Internet of Things to become an enterprise reality

by Sohini Bagchi    Mar 06, 2013


The Internet of Things (IOT), which has been a buzzword in the technology circle for a while now, is fast becoming an enterprise reality. Recently, technical professional organization, IEEE reveals in a new survey that with the rise of connected devices such as smartphones, tablets, appliances among others, the IOT market is expected to witness a humongous growth in the coming months.

Evolution and growth
Wikipedia defines IOT as a concept that is “driven by the billions of electronic device users, a new layer of digital connectivity on top of existing infrastructure, objects and things will evolve, driving new means and ways of interacting with the world around us.”

In 1999, the term Internet of Things or IOT was coined by RFID technology pioneer Kevin Ashton who believed that the future lies in smart interconnected devices. However, the concept was largely confined to research and high-level industrial activities. The IEEE survey however reveals a shift in the IOT ecosystem and that in the next couple of years, IOT will become fully mainstream, connecting devices that we use in our daily lives.

As many as 65 per cent of respondents in the IEEE survey says they are most interested in using connected devices to improve their work productivity, with 14 per cent adding that they also have an interest in managing their homes. Nearly 12 per cent believe that IOT can enhance quality of life and 9 per cent said the concept can have a positive impact on healthcare.

A number of manufacturers are already working in this area. Experts at Ericsson India Global Services believe the Internet of Things will have a profound impact on enterprises and individuals in the coming months. “By 2020, connectivity will be present everywhere. There will be connection between your mobile phone, alarm clock, geyser, vacuum cleaner, microwave and all the devices that we use in our daily lives. And we are just a few years away from that transformation to happen,” says Amitabh Ray, Senior VP- Ericsson India Global Services. He claims that IOT will be the most disruptive technology, with estimates ranging between 50 and 500 billion in terms of the devices and products that will be internet-connected by 2020.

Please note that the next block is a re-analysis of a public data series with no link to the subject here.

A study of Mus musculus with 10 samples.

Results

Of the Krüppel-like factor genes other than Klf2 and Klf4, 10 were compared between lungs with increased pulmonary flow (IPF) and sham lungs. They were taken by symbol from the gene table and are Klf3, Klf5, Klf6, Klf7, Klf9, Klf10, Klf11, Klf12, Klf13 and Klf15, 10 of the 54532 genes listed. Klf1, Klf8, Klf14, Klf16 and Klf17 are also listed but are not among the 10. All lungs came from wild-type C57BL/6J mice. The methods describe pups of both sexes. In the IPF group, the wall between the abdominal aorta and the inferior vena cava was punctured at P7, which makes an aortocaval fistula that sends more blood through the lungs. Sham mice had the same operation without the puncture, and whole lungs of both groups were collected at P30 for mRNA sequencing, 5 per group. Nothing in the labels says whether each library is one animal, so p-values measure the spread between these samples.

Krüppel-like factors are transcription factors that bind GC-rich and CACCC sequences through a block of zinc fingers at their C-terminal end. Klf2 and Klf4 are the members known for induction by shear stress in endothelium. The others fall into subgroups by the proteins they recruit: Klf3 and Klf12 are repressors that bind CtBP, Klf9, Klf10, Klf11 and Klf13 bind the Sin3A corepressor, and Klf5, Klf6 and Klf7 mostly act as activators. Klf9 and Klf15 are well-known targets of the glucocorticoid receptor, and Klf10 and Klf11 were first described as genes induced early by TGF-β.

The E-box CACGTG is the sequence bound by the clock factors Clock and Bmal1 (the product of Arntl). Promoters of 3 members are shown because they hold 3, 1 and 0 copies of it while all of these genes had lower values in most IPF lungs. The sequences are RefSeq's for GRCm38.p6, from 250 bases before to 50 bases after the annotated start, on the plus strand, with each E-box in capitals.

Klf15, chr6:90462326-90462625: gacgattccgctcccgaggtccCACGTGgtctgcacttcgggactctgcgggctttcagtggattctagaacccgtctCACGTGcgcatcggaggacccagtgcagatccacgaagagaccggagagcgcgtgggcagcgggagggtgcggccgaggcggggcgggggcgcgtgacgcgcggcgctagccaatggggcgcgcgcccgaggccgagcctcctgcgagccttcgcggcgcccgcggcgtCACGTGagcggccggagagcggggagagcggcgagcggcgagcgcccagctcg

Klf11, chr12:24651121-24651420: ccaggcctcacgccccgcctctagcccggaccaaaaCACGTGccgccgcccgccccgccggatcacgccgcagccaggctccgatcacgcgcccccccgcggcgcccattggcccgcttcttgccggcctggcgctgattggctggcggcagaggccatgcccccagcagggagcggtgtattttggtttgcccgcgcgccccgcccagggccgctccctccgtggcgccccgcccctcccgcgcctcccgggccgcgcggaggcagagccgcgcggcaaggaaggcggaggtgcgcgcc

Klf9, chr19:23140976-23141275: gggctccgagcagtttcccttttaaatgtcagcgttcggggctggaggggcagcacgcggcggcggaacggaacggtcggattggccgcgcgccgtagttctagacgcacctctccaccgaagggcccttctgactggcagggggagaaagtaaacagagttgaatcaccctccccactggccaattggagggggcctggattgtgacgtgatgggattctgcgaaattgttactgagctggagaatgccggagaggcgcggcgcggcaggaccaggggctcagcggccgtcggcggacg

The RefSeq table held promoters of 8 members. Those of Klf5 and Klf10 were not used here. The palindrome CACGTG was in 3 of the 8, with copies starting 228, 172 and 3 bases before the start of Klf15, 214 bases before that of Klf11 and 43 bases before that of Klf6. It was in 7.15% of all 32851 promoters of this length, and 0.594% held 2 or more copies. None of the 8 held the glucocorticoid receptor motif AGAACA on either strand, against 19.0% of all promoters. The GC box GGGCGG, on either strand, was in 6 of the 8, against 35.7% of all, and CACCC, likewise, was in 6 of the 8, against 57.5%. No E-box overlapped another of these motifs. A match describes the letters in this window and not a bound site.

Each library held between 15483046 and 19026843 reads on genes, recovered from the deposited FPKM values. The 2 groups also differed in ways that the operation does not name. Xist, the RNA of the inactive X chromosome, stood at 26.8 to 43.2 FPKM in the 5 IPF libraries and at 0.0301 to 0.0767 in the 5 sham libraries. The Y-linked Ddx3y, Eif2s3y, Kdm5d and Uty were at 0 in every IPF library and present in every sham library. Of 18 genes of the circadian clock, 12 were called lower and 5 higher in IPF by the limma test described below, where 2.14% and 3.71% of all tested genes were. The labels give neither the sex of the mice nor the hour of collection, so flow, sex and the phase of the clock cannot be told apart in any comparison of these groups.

Cisco Systems is also bullish on IOT and believes it has a lot of potential to transform the enterprise. “The billions of sensors connected to the Internet will allow us to gather massive amounts of data than ever before. With the help of analytics, companies across verticals can turn this data into new valuable business insights and gain better ROI,” mentions Kaushik Nath, VP, Systems Engineering, India & SAARC at Cisco Systems.

According to Nath, the demand for IOT will continue to rise, mainly driven by factors such as increased penetration of smartphones and tablets and other connected devices, greater availability of bandwidth and various elements which are being embedded in modern devices such as sensors, image recognition and near field communication (NFC) technologies.

The profound impact of IOT
While enterprises are still in their early stages of IOT implementation, a number of firms are exploring ways to solve business challenges, drive innovation and enhance productivity by using this technology. Sachin Tare, Head - Indian Subcontinent, Zebra Technologies believes that enterprises can effectively track and manage their physical assets and improve customer relationship and management by IOT. According to him, in the next one year, many CIOs, especially in the manufacturing, healthcare, automobile, FMCG and retail will consider IOT to make smarter decisions and spur innovation.

The IEEE survey reveals that IOT technologies can be used profoundly in areas such as barcoding, RFID and GPS to gain greater visibility into the location, condition, timing and accuracy of the events. Tare recommends that companies should identify device manufacturers and partners to help them understand the benefits of implementing the technologies.

“The Internet of Things is still new and people have varying perceptions of what the network entails,” Roberto Saracco, a senior official of IEEE said in a statement. He believes that with people becoming more used to interacting with connected objects, for example using a cell phone to read a bar code, the way they define connected devices will become more clear and universal.

Security challenges
Although touted as the technology of the future, IOT has its own share of challenges as well. As devices and data become interconnected, experts believe it can give rise to increased security challenges. Nearly 46 per cent of respondents in the IEEE also believe that privacy and security are the biggest concerns in the adoption of IOT.

Andrew Rose, Principal Analyst at Forrester Research in his latest blog states that there is an increased risk of data to be stolen or compromised when deploying emerging technologies such as IOT. Therefore there is a need to protect your data and network by implementing a multi-layered approach to security. Moreover, companies should have a security policy in place to identify targets, evolve key security control, add newer delivery mechanisms and review their security scenario frequently, he says.

However, IEEE experts believe that worthwhile innovation does not come without obstacles and even though it may take some time for IOT to mature, CIOs and analysts are already recognizing its benefits. As a recent Forrester report released last year also predicts that in 2013, IOT will reach a tipping point, with an eruption of new consumer and enterprise users. The study reveals that 53 per cent of companies globally are planning to implement IOT-related technologies over the next 24 months, which is indeed a huge leap!